Attorney General Gordon J. MacDonald said a report released by St. Paul's School on past assaults, an investigation into recent reports of misconduct and the trial of Owen Labrie prompted the investigation.
"Protection of children is a paramount priority for law enforcement. I am confident that an institution such as St. Paul's School will be fully cooperative with this investigation," MacDonald said in a statement announcing the investigation.
Labrie, a former St. Paul's student was convicted in 2015 of a felony -- the use of an online service to seduce, solicit or entice a child under 16 in order to commit sexual assault -- and other charges stemming from an encounter at the school in Concord during the previous year. He was acquitted of more serious charges, including aggravated felonious sexual assault.
Claims of sexual misconduct at the school were the subject of a report commissioned by the school and released in May. Investigators found substantiated allegations of sexual assault by 13 former faculty or staff members at the school over a 40-year period ending in 1988.
Another investigation is ongoing after "students came forward (in June) and alerted SPS faculty to behaviors that were concerning to them," the school announced June 30.
"We have been in close contact with local law enforcement regarding recent incidents of concern, and we will continue to fully cooperate with any inquiries we receive," the school's Rector, Mike Hirschfeld, said in a statement Thursday. "We also intend to work closely with the attorney general's office to answer any and all questions regarding the independent report issued last month.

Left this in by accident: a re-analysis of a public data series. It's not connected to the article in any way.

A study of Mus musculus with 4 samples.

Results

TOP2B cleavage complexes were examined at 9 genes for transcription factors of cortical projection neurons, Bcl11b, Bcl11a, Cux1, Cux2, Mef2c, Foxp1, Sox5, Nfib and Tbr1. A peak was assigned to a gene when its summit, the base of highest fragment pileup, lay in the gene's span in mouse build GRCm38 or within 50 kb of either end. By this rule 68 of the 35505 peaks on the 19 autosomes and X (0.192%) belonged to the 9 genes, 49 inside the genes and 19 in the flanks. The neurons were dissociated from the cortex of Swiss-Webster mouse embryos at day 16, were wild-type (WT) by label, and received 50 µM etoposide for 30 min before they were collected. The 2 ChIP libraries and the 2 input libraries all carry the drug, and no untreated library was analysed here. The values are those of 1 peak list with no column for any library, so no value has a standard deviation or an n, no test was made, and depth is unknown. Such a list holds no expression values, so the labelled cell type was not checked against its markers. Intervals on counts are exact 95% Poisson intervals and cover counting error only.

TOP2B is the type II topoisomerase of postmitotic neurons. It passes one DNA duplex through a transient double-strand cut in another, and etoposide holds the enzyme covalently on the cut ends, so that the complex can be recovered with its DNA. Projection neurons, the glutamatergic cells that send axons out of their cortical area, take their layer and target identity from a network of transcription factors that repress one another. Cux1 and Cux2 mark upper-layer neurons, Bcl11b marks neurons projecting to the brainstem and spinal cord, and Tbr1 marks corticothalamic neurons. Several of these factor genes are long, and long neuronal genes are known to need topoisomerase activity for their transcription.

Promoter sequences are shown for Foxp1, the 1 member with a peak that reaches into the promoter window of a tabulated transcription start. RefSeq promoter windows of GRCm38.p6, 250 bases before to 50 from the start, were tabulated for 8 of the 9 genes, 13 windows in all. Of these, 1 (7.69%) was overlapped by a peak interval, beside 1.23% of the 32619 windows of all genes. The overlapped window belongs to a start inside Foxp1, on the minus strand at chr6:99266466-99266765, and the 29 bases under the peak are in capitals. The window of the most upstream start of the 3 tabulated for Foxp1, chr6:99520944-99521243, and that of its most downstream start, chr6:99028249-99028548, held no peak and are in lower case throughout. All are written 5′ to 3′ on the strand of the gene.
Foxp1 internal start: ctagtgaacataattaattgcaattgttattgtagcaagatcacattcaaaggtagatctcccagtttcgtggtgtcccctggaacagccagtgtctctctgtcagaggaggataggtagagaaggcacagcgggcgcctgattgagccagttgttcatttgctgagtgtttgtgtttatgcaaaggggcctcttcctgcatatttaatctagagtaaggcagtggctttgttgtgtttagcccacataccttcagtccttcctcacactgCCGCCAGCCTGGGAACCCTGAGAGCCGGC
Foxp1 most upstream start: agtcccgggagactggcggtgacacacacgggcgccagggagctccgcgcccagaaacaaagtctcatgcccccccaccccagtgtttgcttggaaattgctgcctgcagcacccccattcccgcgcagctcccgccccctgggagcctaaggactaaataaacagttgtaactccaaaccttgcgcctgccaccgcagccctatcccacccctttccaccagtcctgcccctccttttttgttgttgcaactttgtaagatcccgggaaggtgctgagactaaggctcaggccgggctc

"Our goal is and always will be the health, safety and well-being of our students. We will work tirelessly to meet that goal and strengthen the public's faith in St. Paul's School."
The attorney general's office said it initially looked into whether the school endangered the lives of any of its students and whether the school obstructed criminal investigations.
"This office will investigate any other crimes as dictated by the evidence," MacDonald's office said.
Labrie's trial drew nationwide coverage
and brought attention to the now-161-year-old elite school, the alma mater of former Secretary of State John Kerry and half a dozen members of Congress.
A campus tradition known as the "senior salute" came under fire for allegedly encouraging seniors to have sexual encounters -- ranging from kissing to intercourse -- with as many younger female students as possible. The school said in 2015 that it never condoned sexual misconduct and that any game of sexual conquest was grounds for expulsion.
Labrie was an 18-year-old senior and his victim was 15. She testified that she didn't object to him kissing her but after he began to grope her she told him to stop. Then he raped her, she said.
Labrie, who recently lost an appeal for a new trial, said he stopped before having sex with the girl. He later bragged and lied about what happened to his friends, he testified.
The Episcopal school has more than 530 students and the cost of attendance is more than $60,000 per year. More than 40% of students receive financial aid.
The Merrimack County Attorney's Office, the Concord Police Department and the New Hampshire State Police are assisting in the attorney general's investigation.